Scientists encouraging new touring guidelines to keep dolphins safe

Federal "Dolphin Smart" campaign includes restrictions on viewing of marine mammals

Published  9:08 AM HST Aug 21, 2013
Dolphins
WAIANAE, Hawaii -

An explosion of commercial dolphin tours across the islands is prompting closer federal scrutiny.

Now scientists are throwing the spotlight on what is reckless versus what is responsible viewing of spinner dolphins.

About a dozen companies on Oahu's west side are taking the bait, offering tours out of Ko'olina and Waianae.

"Our operation and the other  boats, we alone go out two or three times a day," said Shane Griffen of Ocean Joy Tours who offers the dolphin excursions. "That could be a thousand times a year and multiply that by ten or eleven boats that's a lost of disturbance."

That potential for dolphin disturbance is prompting a new National Fisheries Service campaign. Dubbed "Dolphin Smart", a kind-of seal of approval to discourage the harassing of dolphins protected under the marine mammal protection act.

"It's something that's on alot of people's bucket list to swim with the dolphins." said Laura McCue, coordinator of Dolphin Smart.  "People are willing to pay top dollar for dolphin swims."

Ocean Joy was one of the first companies to sign on. Shane Griffin draws the line at swimming with dolphins.  He estimates he's turned away millions of dollars by sticking to that rule.

"I wish more owners of activities join in with us on this because we feel over the last nine years we have seen the number of dolphins who are constantly here are less constant and even smaller in numbers," saud Griffin.

Smaller in number, perhaps.  But they still draw a crowd.

With all the boats on Oahu's waters, it's a bit of a waiting game. But you don't have to wait long,

The dolphin show begins right on cue. That's when Dolphin Smart's checklist kicks in.

"We want to make sure they turn off engines. Don't approach closer than 50-yards, or circle and cut off their path and limit their time to a half hour," said McCue

But those rules are broken regularly as KITV observes one company doing none of the above. It cuts in, dropping  snorklers in the water without stopping.

 "We want you to go out  to see dolphins in natural behaviors, not disturbance behaviors," McCue added.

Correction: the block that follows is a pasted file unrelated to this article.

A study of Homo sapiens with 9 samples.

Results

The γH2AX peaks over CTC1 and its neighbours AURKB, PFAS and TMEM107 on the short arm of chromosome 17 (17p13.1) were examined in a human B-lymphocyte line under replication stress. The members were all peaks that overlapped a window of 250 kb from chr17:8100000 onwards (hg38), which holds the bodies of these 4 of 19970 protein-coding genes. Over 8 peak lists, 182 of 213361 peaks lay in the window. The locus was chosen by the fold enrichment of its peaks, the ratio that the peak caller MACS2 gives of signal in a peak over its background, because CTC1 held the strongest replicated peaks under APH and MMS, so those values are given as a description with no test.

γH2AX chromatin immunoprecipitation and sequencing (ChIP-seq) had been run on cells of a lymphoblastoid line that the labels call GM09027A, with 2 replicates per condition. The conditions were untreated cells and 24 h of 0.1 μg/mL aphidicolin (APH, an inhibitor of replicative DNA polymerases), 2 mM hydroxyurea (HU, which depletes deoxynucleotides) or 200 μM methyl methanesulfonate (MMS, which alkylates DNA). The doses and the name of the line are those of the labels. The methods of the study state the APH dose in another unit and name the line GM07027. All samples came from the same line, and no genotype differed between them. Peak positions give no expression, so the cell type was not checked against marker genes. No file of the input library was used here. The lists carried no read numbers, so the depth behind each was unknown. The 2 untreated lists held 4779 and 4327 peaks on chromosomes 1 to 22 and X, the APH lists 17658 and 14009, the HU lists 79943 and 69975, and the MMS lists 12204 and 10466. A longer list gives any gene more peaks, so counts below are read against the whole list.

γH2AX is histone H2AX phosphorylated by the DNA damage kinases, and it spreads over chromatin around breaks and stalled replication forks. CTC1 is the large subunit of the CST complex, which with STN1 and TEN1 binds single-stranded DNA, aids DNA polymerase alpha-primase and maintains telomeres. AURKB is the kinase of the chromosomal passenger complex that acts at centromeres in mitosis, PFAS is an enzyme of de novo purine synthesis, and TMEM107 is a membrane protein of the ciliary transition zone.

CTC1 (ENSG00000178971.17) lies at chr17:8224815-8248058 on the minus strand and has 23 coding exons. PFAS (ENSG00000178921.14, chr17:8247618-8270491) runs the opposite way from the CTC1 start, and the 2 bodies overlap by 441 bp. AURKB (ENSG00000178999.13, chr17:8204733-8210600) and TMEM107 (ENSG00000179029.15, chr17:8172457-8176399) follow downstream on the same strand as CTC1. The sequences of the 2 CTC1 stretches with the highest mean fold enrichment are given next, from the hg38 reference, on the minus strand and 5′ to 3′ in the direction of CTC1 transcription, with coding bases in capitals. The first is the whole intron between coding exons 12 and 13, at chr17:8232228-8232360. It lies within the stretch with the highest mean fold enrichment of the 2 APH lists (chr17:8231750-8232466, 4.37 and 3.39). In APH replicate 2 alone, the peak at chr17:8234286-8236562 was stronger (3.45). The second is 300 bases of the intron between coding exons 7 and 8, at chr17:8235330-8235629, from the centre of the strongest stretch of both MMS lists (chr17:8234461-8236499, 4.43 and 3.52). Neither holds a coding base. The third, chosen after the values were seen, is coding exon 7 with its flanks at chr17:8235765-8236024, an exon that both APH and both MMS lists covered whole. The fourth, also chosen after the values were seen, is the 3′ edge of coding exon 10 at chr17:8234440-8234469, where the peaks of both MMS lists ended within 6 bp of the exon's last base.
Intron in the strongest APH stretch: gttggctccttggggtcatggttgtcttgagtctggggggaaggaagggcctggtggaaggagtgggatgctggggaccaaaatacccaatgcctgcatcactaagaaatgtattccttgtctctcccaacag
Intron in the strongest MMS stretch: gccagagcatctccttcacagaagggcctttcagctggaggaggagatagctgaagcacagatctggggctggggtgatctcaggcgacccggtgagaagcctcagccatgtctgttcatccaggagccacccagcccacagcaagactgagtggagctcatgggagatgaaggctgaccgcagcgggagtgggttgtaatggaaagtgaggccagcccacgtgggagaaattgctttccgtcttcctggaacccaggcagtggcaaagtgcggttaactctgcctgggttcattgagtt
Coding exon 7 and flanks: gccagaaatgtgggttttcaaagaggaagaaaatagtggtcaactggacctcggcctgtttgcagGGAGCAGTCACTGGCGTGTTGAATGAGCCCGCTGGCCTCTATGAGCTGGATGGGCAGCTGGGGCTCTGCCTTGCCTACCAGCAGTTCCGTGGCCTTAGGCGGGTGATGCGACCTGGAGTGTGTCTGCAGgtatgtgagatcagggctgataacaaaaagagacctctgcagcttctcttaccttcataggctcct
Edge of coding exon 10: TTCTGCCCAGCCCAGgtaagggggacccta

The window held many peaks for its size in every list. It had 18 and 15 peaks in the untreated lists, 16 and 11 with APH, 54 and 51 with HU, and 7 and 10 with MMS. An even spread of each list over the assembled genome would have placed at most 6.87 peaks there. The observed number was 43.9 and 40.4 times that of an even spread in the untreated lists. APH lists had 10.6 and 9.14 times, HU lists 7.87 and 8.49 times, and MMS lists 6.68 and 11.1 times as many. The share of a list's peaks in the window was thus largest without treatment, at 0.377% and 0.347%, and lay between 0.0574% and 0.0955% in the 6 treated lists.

McCue has had sucess with four tour operators on Oahu and Kauai  agreeing to fly under the dolphin smart banner.

"We actually choose this cruise because they follow the rules and we really felt  that was important. No regrets at all," said dolphin enthusiasts Mero and Katherine Samuel.

Maui and Big Island companies are next in line.

Scientists want the companies to understand what's behind their guidelines.

That includes some basics, like spinning.  McCue says it could be a sign the dolphins are bothered.

And you have to understand their nature.The pods spend their nights fishing in deep waters and their days in cruise mode.

"This is a critical time for them in the daytime hours. They are caring for their young. They are resting. They are avoiding predators," McCue said. "They actually only sleep with one side of their brain at a time so the other time is to breathe be alert for predators things like that"

McCue hopes tour operators will also be alert.

"They do spread out along the coast into smaller groups ten to 30-40," added Griffin. "But when they get together and you see 150- 250  dolphins at one time. You never get tired of it,"

The hope is the dolphins don't tire of the attention either.

The National Marine Fisheries has not gone so far as to ban swimming with dolphins.

The agency has issued many warnings about harrassment of dolphins, and so far has issued only one notice of violation.